Today's Topics

3 charts today covering:

  • The cinema industry may never fully recover from COVID-19, how will it adapt?
  • Parents are now the most common roommates for 25-year-olds in America.
Like so many other industries, the global movie business is having a hard time; the box office hasn't just slowed down a bit – it's completely faded to black.

COVID-19 is obviously the villain of the hour, but the industry was already under some pressure. We were surprised to discover that "peak cinema" – at least in terms of the number of tickets sold – was all the way back in 2002, according to data from The Numbers.

That drop in demand is masked somewhat by overall box office revenue numbers which look like they've been growing, but only thanks to ticket price inflation, which we estimate has outstripped overall inflation by about ~40% since 1995.

In some ways this may not be all that surprising. For years now, the humble cinema has had to compete with online streaming, better home TVs and sound systems. 

Cinema needed to go bigger, and it has

We've discussed in our previous newsletter "Breaking Up With Rom-Coms" how romantic comedy movies have almost entirely disappeared from the box office. But that begged the question, what picked up the screen time? Action & Adventure.
Why the explosion in popularity?

1) The cinema is becoming more of a luxury. People are going less frequently and when they do go they want to be blown away. Action and adventure movies that are built to thrill and excite get a lot more mileage out of the huge screen and loud speakers than a quaint but well-scripted drama, love-story or comedy.

2) Sequelitis. Franchised action & adventure movies are just a much safer bet for studios. Take your old heroes, insert new danger and peril and voila you have a flick that fans of your previous productions will probably enjoy. E.g. the 23 marvel movies.

The big test

What the box office needs to jumpstart it back to life is a huge blockbuster from a household name in the genre of action or adventure. Enter Christopher Nolan, whose resume includes The Dark Knight, Interstellar, Dunkirk and Inception, with his latest effort: Tenet (trailer here). Tenet could be the guinea pig for the entire industry with its release planned over the summer. If Nolan and a mind-bending adventure blockbuster can't get audiences back in the cinema, then not much else will.

As with so many other aspects of our lives, it feels like decades worth of cultural change is being crammed into just a few months. Our prediction is that the cinema going experience will become even more about the blockbuster experience, which honestly would be something of a shame if true. Maybe the drive-thru movie, or outdoor cinemas, can spark a revival?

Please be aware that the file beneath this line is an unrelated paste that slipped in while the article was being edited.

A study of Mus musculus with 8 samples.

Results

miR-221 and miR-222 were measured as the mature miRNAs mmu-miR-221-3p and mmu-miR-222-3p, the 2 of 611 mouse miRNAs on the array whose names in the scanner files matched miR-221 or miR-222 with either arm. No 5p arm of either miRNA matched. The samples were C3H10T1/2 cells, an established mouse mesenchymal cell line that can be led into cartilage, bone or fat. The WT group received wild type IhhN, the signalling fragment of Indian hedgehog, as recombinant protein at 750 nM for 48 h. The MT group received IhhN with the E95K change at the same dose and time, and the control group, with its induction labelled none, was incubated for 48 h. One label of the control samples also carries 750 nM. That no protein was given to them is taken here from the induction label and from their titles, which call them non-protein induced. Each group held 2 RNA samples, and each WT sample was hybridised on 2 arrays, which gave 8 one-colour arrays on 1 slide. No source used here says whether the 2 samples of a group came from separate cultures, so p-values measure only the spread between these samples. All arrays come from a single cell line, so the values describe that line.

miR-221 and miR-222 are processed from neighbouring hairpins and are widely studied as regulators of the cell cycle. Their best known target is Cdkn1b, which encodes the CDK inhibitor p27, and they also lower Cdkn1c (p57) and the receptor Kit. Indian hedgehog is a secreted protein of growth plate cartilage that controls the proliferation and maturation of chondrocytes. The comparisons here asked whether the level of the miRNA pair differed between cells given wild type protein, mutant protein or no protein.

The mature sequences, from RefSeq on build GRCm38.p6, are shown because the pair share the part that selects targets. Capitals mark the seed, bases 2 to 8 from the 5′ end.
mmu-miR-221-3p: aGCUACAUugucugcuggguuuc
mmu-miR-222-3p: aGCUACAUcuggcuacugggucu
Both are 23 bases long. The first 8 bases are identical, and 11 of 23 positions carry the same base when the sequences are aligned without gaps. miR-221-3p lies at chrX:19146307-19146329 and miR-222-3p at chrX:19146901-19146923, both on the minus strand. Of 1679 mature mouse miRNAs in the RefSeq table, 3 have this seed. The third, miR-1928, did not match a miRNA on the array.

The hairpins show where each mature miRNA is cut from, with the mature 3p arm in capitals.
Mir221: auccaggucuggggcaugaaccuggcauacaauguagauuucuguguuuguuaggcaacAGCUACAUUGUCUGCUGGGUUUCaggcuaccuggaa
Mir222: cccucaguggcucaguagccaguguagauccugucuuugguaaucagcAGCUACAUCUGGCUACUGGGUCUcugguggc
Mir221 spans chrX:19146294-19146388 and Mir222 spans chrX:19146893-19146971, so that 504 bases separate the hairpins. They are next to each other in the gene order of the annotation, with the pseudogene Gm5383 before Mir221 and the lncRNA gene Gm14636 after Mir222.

In 1975, more than 60% of American 25-year-olds lived with their spouse. Last year it was only around 20%, according to data from Apartment List.

Meet the parents

The most common housemates for 25-year-old Americans are now their very own parents. Rising rent and housing costs, coupled with unstable job markets, have driven a lot of young adults back to the safety of their parents home.

This could go either way

Lots of cultural and societal trends are being accelerated by COVID-19, but on this one we're not so sure. We think it could basically go either way:


1) Having been cooped up with their parents for months on end, many young people find any way to move out and get their own place, possibly aided by falling house prices owing to a global recession.


Having missed their family and parents so much, and with their jobs even more unstable, more young people move back in / stay with their parents.

Whichever it is, this chart is going to be really interesting to update in 2-3 years (so you'll have to stay subscribed until then).

Data Snacks

1) According to a survey of more than 16,000 employees, 55% have reported they are working more hours during the coronavirus pandemic, with only 25% saying they were working fewer.

2) In the wake of the ongoing Dominic Cummings scandal, the UK Prime Minister Boris Johnson has seen his approval rating plummet from +19% to -1%, in less than a week. 

3) Shinzo Abe has approved a fresh package of economic stimulus for Japan to the tune of $1.1tn, hoping to stave off a deep recession for the world's 3rd largest economy.

4) SpaceX is set to launch 2 astronauts into space in their first ever manned mission at just past 4:30 EDT, live stream at

5) Corner shops and smaller grocery stores in the UK have seen soaring sales – up 63% in the last 3 months.